It was about 3:00 p.m. (-5 GMT) on a lazy hot Sunday afternoon when the product hit the fan in Panama. The country was violently shaken to its core by the news published in Germany by the Zuddeutsche Zeitun newspaper.
The paper broke the story of a scandal at a global scale about a Panamanian company identified as Mossack-Fonseca that had organized approximately 214,000 offshore companies scattered in more than 200 countries involved in illegal activities such as drug trafficking, arms sales to Iran and North Korea and tax evasion. About 500 top banks worldwide were also involved in this scheme.
The publication narrated that 11.5 million documents equivalent to 2.6 terabytes of information were hacked from Mossack-Fonseca main offices in Panama. The content of the hacked information included financial records, passports, and general correspondence of the corporation’s clients stretching back 40 years.
A group of 107 journalists known as the International Consortium of Investigative Journalists (ICIV) from 78 countries dug deep into the activities of thousands of offshores companies organized in Panama by Mossack-Fonseca. More than 100 publications in nearly 80 countries were the results of the investigation which lasted more than three years.
More than 140 offshore acounts were linked to Pakistan’s Prime Minister, the Presidents of South Africa, Syria, China, Ukraine and Russia; and the Prime Minister of Iceland. The latter resigned from his post shortly after the scandal broke out. Also top members of FIFA are being investigated as a result of this computer breach. Allegedly more than 140 political figures, including 12 current or former heads of state hid their cash inside these offshore shell companies.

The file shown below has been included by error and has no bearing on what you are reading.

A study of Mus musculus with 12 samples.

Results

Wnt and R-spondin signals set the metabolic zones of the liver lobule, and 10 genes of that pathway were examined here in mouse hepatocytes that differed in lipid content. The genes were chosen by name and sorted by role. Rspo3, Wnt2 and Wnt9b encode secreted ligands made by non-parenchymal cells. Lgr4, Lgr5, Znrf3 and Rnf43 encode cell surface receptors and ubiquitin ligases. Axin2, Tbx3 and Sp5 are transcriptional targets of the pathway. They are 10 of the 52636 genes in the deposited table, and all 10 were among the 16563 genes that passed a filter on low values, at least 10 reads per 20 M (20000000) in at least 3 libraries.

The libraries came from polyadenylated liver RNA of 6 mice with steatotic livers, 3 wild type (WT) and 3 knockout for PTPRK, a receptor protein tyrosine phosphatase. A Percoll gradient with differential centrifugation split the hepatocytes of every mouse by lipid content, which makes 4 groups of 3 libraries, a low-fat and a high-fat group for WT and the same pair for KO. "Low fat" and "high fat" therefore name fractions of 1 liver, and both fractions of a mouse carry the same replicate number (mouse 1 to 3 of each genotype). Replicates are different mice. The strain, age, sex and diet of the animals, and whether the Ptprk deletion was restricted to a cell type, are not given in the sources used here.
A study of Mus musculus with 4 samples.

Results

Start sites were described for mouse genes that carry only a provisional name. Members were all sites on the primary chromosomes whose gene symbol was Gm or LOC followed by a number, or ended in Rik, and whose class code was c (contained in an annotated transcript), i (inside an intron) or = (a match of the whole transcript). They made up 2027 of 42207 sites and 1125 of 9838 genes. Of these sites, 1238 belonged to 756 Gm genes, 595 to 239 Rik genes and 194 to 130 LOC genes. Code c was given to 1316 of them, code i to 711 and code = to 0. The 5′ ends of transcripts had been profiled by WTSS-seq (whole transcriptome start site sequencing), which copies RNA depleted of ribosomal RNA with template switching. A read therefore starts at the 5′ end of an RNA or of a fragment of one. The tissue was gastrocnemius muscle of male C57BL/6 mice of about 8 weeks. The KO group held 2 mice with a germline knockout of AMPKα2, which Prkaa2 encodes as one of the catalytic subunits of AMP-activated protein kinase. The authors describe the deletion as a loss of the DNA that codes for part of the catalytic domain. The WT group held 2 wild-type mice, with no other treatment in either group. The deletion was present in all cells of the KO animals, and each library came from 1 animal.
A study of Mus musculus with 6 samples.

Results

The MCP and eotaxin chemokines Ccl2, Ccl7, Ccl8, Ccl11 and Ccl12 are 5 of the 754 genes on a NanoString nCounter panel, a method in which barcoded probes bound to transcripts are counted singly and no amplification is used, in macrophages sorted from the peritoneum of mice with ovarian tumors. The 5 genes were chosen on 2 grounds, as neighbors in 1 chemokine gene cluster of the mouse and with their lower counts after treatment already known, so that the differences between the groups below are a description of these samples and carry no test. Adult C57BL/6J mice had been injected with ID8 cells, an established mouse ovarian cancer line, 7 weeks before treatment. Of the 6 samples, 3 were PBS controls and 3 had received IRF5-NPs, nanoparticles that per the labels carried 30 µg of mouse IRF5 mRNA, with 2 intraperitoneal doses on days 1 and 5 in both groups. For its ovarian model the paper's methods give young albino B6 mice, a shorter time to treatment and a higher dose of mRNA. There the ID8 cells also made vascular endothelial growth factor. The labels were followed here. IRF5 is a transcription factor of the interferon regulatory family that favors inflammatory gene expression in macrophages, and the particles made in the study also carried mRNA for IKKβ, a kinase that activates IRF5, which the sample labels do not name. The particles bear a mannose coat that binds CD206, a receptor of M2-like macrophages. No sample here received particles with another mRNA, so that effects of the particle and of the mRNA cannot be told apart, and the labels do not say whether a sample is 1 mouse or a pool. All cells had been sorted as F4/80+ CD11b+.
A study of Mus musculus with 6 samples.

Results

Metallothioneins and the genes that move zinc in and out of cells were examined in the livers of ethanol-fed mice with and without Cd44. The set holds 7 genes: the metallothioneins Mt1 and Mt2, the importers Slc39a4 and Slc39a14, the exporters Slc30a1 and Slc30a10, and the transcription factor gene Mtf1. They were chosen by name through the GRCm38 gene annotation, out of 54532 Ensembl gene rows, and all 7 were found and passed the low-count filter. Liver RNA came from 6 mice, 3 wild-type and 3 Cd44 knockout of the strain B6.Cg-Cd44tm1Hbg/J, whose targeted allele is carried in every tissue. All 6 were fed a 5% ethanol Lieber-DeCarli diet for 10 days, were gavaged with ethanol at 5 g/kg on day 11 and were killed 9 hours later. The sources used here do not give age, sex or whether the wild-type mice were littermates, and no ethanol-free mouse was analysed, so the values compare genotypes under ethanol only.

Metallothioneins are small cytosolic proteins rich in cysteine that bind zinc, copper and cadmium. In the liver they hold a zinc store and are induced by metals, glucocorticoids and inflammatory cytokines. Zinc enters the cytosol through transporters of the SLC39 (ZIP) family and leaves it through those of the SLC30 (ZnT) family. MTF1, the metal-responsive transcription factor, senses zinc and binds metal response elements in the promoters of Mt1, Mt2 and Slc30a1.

The scandal is huge; larger than the Wiki-Leaks revealed by Julian Assange and the military leaks revealed by Edward Snowden combined. Assange is presently confined to the Embassy of Ecuador in London and Snowden is now living in Russia running away from American authorities.
Snowden was responsible for leaking to the media details of extensive Internet and phone surveillance by American intelligence. He has been granted temporary asylum in Russia, and faces espionage charges over his actions in the U.S.
As a fallout of the Panama Papers, France decided to include Panama in a gray list of countries who are not cooperating in providing information about the transparence of offshore companies. Panama authorities are fighting tooth and nail to persuade France to erase Panama from the list. The situation is very tense in Panama as more information about the scandal evolves.
On Sunday I visited the premises of Mossack-Fonseca located in an exclusing banking area surrounded by impressive high-rise buildings. This is what I saw there:
Another story of hubris and greed which has placed Panama on its knees. Which will be the next one?